Developing a high performance mindset – Part 1

by | June 5, 2018 | Diet and Nutrition, Fitness, Health, Sleep

When it comes to making change in your body,

we often under-estimate the role that the mind plays in being successful.

We can have the knowledge of what to eat,

We can shape our path to have the good stuff around,

We can use all the right strength training methods and strategies.

We can motivate the elephant,

But if your head-game isn’t on point, then it’s pretty tough to make the changes last.

And it’s pretty tough to enjoy the process along the way.

Mental skills training is a way to make the process of lifestyle change more permanent and sustainable.

Because, really, unless you need to look this girl

for the couple hours she’s on stage,

I can imagine that the fat loss,

and the look you are trying to achieve,

you want to last.

Preferably, like….for most of your life.

So, here are a few strategies you can use to get your head game on-point.

A. The come-back game


When you’re on, you’re on…you’re a rock-star,

but when you fall of the wagon, oh boy, do you fall off the wagon.

This is also known as the “all-or-none” mindset.


Play the come-back game.

This is one of our favourite mental skills to work on – the skill of bouncing back.

The people that have the most success long-term are not those that are perfect all the time,

it is the people that eat well 80-90% of the time and know how to bounce back from that other 10-20%.

“Messing-up” happens.

I am actually hesitant to call it “messing-up” because that implies that you did something wrong.

You didn’t do aything wrong.

You are human.

So, you ate a couple extra brownies.

So, you ate to 105% full instead of 80% full.

You took 4 mins to eat your meal instead of 20.

Big deal!

Now you have the chance to practice the skill of bouncing back.

And don’t get it twisted, it is a skill.

Bouncing back is not something that people can naturally do.

Especially if you grew up in an “all-or-none” household or had some “all-or-none” influences, like Ricky Bobby…

Bouncing back takes effort,

it take deliberate practice

and believe it or not,

It takes a “mess-up” to actually work on.

So, there is no need to get down on yourself for “messing up”.

Wipe the slate clean,

Dust yourself off,

and make the commitment that you will practice your healthy habits the next day,

the next meal,

or the next workout.

Use that “mess-up” as a chance to make yourself a more resilient athlete!

B. The power statement


You don’t believe that you can make change in your life.

Your head is full of negative self-talk.

You start off strong when it comes to making changes to live better but often fail to commit to it longer than a few weeks.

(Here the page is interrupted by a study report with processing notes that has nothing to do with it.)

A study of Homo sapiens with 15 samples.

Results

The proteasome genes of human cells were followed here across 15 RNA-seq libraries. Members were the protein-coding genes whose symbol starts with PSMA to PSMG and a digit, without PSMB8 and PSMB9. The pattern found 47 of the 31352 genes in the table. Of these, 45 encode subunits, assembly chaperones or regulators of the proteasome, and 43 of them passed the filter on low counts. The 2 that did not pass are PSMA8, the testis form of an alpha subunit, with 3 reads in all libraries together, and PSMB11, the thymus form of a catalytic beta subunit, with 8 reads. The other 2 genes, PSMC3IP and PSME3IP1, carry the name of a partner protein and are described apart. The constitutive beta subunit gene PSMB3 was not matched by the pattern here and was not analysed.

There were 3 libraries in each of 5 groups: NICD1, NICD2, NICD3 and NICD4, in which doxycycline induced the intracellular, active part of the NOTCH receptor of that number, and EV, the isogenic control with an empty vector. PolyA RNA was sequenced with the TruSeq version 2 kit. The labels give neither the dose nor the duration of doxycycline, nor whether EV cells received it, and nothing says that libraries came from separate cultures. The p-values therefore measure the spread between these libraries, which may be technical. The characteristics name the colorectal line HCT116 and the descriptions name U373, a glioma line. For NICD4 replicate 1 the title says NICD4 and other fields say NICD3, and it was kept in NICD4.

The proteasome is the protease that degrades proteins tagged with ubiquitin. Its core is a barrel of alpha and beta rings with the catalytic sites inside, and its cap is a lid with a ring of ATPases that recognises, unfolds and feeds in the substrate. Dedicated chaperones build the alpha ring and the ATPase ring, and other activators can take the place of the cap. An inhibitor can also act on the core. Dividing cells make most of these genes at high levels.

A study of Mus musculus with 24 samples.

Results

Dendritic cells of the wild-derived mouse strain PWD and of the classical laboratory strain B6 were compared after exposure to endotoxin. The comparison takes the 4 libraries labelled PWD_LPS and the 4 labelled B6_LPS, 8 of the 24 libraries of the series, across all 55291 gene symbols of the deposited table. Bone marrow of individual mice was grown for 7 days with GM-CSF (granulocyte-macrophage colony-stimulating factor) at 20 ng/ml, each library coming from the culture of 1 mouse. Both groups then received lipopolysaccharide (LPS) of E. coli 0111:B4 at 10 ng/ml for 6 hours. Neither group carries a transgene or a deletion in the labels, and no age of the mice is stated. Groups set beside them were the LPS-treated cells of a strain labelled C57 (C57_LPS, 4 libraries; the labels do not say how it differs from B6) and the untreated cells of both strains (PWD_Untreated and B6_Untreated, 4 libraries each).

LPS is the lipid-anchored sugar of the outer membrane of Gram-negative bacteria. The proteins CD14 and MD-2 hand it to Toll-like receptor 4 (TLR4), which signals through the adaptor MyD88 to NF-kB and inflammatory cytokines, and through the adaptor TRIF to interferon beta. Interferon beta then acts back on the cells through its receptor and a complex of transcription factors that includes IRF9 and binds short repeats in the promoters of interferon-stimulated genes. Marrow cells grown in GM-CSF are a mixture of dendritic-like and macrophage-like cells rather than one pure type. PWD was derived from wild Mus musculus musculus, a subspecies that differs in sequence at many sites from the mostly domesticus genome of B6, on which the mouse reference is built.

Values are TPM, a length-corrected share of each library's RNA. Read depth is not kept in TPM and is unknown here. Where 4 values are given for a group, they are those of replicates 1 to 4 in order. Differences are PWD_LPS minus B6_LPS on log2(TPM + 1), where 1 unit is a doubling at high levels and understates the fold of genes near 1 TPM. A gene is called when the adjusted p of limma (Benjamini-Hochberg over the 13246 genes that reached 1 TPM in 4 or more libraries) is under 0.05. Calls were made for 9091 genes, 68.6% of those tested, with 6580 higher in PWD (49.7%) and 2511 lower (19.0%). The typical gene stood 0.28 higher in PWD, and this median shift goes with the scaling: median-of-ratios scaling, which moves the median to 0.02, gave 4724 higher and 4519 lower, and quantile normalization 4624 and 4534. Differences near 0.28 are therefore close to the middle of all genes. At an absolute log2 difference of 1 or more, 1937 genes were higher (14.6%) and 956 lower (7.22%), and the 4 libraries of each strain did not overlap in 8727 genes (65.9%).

Try a “power statement”.

A “power statement” is a set of instructions that you write or speak every day as part of a morning ritual and/or day-time and/or night-time routine.

Belief is often one of the biggest hang-ups when it comes to making a healthy change in your life.

Your brain is an incredible structure more powerful than the most powerful computer.

One of the incredible functions of the brain is it’s ability to experience something without actually physically experiencing that thing.

Here’s what we mean.

Areas in the brain responsible for movement light up when you move.

Pretty obvious right?

But not so obvious, is the fact that when we think about moving,

or talk about moving,

or even watch others move,

those same parts of our brains light up.

So, whether or not we actually do the activity almost doesn’t matter.

What matters is thinking about it!

Thoughts are things.

And those things can increase your belief.

So, make sure you’re putting the right things into your brain.

For example, thinking about failing on a task programs failure into your brain.

But, conversely, thinking about success on a task programs success into your brain.

This is where the “power statement” comes in.

The “power statemen” is a chance for your brain to rehearse success before it actually happens.

It’s a beautiful thing.

Use the “Mad libs” statement below to create your own “power statement” and read it every morning before you start your day and every night before you go to bed.

Put it beside your alarm clock if you need to.

Here is a completed form.

To get your own blank “fitness mad libs power statement”, download it here.

C. Ribs-down breathing


You are feeling stressed,


and acting impulsively and it is affecting your lifestyle choices.


Try some ribs-down breathing.

Ribs-down breathing calms down the “activation” division of your nervous system and fires up the “relaxation” division.

Excessive use of the “activation” division of your nervous system causes stress, anxiety, increased heart rate, decreased digestion, sleep loss, metabolic and hormonal disruption and more.

Conversely, being able to tap into the “relaxation” division of the nervous system can improve sleep, heart health, metabolism, digestion, anxiety and impulsivity and even fat loss efforts.


Health and nutrition doesn’t exist in a vacuum.

There are many factors that contribute to success in this area.

Whether it’s the people in your life that affect your decisions,

the environments that influence your behaviours,

the information you put into your brain,

and of course, the mental skills you acquire that help you navigate the muddy waters of health and lifestyle change.

Your mindset and mental skills have as much to do with your ability to lose fat and keep it off as the food you eat and the workouts you do.

Why not spend some time developing a high-performance mindset?!